Anti-junta group: Myanmar receiving fuel shipments even with sanctions

Records show 12 vessels transported fuel to Myanmar since October.
By RFA Burmese
2023.12.22
Anti-junta group: Myanmar receiving fuel shipments even with sanctions Storage tanks are seen at an oil refinery plant on Maday Island off Kyaukphyu in Myanmar’s Rakhine state, Oct. 2, 2019.
(Ye Aung Thu/AFP)

Shipping companies continue to transport fuel to Myanmar despite recent sanctions from the United States targeting the military junta’s use of jet fuel, an anti-junta group said in a statement.

From October until earlier this month, 12 oil tankers registered to Liberia, Panama, Vietnam, Malaysia or Indonesia made transports to Myanmar, according to a statement from the National Unity Consultative Council, or NUCC, that cited shipping records. 

Most of the ships had stopped in Singapore before going on to Myanmar, NUCC spokesman Maung Maung said.

The U.S. and British governments can tighten existing measures by imposing sanctions on companies involved in selling fuel to the junta, including any banks involved in the financial transactions, the NUCC said in the Dec. 16 statement released.

“We also have to go after companies in Singapore,” Maung Maung said. “That is why we are informing the United States and the United Kingdom.”

He said the NUCC has sent to U.S. and U.K. officials the names of the ships, the registration numbers and names of the last port from which the vessels were loaded.

The NUCC is an advisory group of political parties, ethnic armed organizations and civil society organizations opposed to the junta. It includes representatives of the National Unity Government, or NUG, which is the parallel civilian government of Myanmar made up of opponents to the junta.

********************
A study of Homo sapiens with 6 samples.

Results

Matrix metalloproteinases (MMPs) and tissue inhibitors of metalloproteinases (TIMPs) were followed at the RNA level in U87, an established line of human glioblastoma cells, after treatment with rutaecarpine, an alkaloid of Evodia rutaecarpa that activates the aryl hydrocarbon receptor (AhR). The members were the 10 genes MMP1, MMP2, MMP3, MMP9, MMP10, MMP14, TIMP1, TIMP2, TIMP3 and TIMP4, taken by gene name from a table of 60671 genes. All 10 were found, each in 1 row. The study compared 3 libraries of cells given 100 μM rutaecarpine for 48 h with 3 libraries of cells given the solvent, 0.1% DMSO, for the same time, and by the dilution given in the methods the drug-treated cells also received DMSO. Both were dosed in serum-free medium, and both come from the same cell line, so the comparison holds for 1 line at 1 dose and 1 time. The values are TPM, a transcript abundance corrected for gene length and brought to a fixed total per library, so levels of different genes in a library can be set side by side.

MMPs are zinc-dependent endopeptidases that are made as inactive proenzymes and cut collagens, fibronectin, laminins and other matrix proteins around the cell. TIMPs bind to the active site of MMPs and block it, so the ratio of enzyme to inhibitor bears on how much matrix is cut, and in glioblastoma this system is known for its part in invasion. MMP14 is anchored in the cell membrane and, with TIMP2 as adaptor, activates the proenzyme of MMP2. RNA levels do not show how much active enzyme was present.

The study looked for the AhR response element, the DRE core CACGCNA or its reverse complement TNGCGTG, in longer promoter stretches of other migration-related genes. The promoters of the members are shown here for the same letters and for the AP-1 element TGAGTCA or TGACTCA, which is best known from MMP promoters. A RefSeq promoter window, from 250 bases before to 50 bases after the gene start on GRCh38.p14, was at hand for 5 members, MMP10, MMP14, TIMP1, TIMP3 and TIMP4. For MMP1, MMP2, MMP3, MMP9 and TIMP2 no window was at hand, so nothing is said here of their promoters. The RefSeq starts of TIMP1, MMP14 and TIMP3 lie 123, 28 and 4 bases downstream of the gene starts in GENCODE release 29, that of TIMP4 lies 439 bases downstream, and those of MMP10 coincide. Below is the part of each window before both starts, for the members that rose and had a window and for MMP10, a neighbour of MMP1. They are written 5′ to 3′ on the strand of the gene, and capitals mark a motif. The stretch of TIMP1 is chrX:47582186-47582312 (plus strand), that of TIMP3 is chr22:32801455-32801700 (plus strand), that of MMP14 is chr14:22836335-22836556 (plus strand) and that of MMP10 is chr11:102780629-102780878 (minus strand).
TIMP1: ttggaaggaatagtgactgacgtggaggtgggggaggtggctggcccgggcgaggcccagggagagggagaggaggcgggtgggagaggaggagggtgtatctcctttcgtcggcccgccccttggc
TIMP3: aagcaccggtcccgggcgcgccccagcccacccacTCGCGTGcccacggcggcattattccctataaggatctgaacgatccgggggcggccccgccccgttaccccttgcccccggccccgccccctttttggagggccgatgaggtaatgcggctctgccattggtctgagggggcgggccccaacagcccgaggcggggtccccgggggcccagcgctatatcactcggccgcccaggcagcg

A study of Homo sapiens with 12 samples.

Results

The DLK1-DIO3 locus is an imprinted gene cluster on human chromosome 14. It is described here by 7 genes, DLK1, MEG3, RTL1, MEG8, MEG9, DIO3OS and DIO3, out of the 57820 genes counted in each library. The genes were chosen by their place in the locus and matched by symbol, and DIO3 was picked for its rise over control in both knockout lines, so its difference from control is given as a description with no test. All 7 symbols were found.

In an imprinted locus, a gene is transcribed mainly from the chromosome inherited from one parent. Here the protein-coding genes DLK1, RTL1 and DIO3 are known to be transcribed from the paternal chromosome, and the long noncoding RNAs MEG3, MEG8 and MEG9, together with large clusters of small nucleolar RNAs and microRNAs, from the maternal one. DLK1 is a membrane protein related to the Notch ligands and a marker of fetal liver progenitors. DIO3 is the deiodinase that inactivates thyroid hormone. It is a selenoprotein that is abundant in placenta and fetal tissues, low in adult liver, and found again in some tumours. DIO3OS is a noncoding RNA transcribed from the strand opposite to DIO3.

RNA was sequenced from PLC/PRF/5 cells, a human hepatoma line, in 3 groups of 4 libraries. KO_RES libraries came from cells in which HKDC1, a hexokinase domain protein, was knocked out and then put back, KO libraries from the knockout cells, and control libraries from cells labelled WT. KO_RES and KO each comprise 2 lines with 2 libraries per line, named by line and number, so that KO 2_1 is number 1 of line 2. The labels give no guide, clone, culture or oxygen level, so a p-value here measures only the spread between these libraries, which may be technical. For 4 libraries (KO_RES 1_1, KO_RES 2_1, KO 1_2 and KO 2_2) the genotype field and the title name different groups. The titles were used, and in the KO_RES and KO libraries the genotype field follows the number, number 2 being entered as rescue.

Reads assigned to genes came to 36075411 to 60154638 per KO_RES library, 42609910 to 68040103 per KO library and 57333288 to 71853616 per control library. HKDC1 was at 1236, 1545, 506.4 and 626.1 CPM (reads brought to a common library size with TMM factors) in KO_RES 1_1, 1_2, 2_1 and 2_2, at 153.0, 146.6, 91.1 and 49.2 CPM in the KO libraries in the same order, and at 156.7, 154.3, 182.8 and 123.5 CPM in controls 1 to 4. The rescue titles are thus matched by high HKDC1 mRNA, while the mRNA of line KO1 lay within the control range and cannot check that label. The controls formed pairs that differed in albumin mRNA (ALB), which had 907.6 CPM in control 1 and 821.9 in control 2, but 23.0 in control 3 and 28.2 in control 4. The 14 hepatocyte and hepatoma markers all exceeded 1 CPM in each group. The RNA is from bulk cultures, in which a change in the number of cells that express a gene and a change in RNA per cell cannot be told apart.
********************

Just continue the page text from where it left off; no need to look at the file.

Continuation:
ENG_BUR_FuelShipments_12212023.2.jpg
Myanmar junta leader Snr. Gen. Min Aung Hlaing sits in the cockpit of a newly acquired SU-30 SME fighter jet at the Diamond Jubilee celebration of the air force, Dec. 15, 2022. (Myanmar military)

Due to an increasing number of civilian casualties from junta airstrikes, the U.S. Treasury Department expanded sanctions in August so that any “foreign individual or entity” linked to procuring jet fuel for the military government could be targeted.

More than 3,900 civilians have been killed by the regime since it seized power in February 2021, the Treasury Department said in its announcement, with the junta increasingly reliant on “violent airstrikes” against civilians, including “women and schoolchildren,” to maintain its hold on power.

‘Sanctions don’t work well’

The Singapore Embassy in Yangon responded to RFA’s request for comment on the shipments by referring to remarks made by Foreign Minister Vivian Balakrishnan to Singapore’s Parliament on July 3.

“Singapore would not impose a general trade embargo on Myanmar because it would affect Myanmar civilians,” he said. 

“However, the government remains committed to implementing our policy to prevent the transfer of arms and dual-use items which have been assessed to have potential military application to Myanmar, where there is serious risk that they may be used to inflict violence against unarmed civilians,” he said. 

“We will not hesitate to take action against any individual or entity which contravenes this.” 

People living in Myanmar will continue to suffer the consequences of more targeted sanctions on the junta, said Thein Tun Oo, executive director of the pro-military Thayninga Institute of Strategic Studies, which is made up of former military officers.

“Superpowers’ sanctions don’t work well. Now, we can witness it,” he told RFA, referring to the effects of August’s U.S. sanctions.

Sanctions targeting the junta’s three basic needs – funding, arms and legitimacy – are the best way to help the Myanmar people, according to Tom Andrews, the U.N.’s Special Rapporteur on the situation of human rights in Myanmar. He made the remarks to the U.N. General Assembly on Oct. 22.

RFA emailed the U.S. and British embassies in Yangon about the NUCC’s claims, but they didn’t immediately respond on Thursday. Attempts to contact junta spokesman Major Gen. Zaw Min Tun in the issue were unsuccessful.